Restaurants in Nevada
A fanciful departure from the usual Vegas buffet (generally characterized by harsh décor and overcooked, institutional food), the Buffet at Wynn, lit overhead by natural light, evokes a garden party.
The 1,200-pound front wheel of an enormous replica Sportster juts forth from the façade of this casual All-American eatery.
At dinner, fill up on more than 160 entrées at the Fresh Market Square Buffet, where Friday nights include a serious seafood spread).
Julian Serrano's tapas restaurant serves up great pan con tomate, rafts of toasted bread rubbed with tomato, garlic, and grassy olive oil. Serrano is also the chef behind Picasso at the Bellagio.
Reservations are a must at this tiny Japanese restaurant, located in an unassuming Chinatown strip mall.
A charming old-school ambiance, delightfully kitschy décor and tasty homemade Italian dishes have made Battista’s a beloved Vegas staple for decades.
Romantic souls easily fall in love with Chef Jean Joho's Eiffel Tower Restaurant, which sits on the 11th floor Paris Las Vegas’ half-scale replica of the famous Parisian landmark.
Stratta's haute Mediterranean cuisine has all the robust earnestness you'd expect, given his Midwestern roots: roast squab, rabbit fricassée, foie gras ravioli in truffle bouillon. And the space, as majestic as a vintage ocean liner, is the perfect setting for his culinary heft.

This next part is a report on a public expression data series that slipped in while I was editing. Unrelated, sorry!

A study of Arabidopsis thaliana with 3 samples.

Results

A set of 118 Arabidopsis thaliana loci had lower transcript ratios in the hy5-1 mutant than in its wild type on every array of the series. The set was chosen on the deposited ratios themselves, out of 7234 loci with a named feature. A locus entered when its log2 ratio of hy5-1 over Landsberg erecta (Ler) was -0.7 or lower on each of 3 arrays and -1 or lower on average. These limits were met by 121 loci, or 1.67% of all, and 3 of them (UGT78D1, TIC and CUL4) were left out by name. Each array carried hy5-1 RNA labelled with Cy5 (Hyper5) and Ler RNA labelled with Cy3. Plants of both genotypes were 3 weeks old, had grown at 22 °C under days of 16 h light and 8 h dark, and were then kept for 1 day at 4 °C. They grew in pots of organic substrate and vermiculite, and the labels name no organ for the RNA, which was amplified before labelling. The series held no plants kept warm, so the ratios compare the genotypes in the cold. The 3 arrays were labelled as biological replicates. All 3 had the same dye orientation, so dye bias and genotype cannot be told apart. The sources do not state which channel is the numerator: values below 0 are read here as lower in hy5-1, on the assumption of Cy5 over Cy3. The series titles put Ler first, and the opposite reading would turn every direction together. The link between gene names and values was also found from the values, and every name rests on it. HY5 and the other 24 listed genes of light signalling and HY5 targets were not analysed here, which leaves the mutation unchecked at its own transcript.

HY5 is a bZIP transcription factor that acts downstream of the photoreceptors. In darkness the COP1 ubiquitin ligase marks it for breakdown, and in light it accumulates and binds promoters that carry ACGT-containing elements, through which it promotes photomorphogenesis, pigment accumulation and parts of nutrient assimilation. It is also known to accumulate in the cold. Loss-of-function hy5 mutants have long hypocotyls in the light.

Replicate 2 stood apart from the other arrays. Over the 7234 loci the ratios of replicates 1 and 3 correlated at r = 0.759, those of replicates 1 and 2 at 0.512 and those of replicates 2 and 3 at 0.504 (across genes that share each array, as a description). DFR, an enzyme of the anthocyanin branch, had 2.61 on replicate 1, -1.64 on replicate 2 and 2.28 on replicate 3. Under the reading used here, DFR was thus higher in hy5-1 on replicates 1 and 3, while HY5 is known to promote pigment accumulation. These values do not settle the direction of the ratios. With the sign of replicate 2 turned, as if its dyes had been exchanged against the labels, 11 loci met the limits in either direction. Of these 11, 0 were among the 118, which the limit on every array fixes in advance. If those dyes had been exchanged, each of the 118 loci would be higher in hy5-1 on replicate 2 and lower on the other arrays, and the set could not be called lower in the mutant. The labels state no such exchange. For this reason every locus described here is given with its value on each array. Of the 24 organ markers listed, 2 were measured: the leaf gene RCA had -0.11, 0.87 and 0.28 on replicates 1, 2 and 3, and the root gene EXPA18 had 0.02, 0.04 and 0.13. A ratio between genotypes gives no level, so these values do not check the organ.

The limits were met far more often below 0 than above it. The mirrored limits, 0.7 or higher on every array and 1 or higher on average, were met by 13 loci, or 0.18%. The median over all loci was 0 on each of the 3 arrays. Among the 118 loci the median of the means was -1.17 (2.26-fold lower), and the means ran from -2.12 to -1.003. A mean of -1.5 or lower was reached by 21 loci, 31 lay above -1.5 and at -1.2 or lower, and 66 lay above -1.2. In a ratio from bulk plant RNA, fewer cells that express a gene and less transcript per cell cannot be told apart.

Gigantic aquariums holding hundreds of goldfish mark the entrance to Caesars Palace's casual outpost of Northern Chinese-style cuisine. Soup dumplings, dim sum, and noodle dishes featuring house-made, hand-pulled, noodles are served surprisingly quickly.
VooDoo Steak & Lounge, the premiere eatery at the Rio All-suite Hotel & Casino Las Vegas, offers stunning views of the Strip from its perch on the 50th and 51st floors of the hotel’s Masquerade Tower.
Situated in the Forum Shops at Caesars Palace, this sleek steakhouse is designed with brown leather booths, dark wood tables, and stark, twisted tree branches, all illuminated by red box lights.
Opened in May 2010, Monta specializes in tonkatsu ramen, a nutty pork broth of unfathomable depth, laden with wood-ear mushrooms, scallions, and a boiled egg. To this bowl of id you can add strips of roast pork belly that dissolve on the tongue.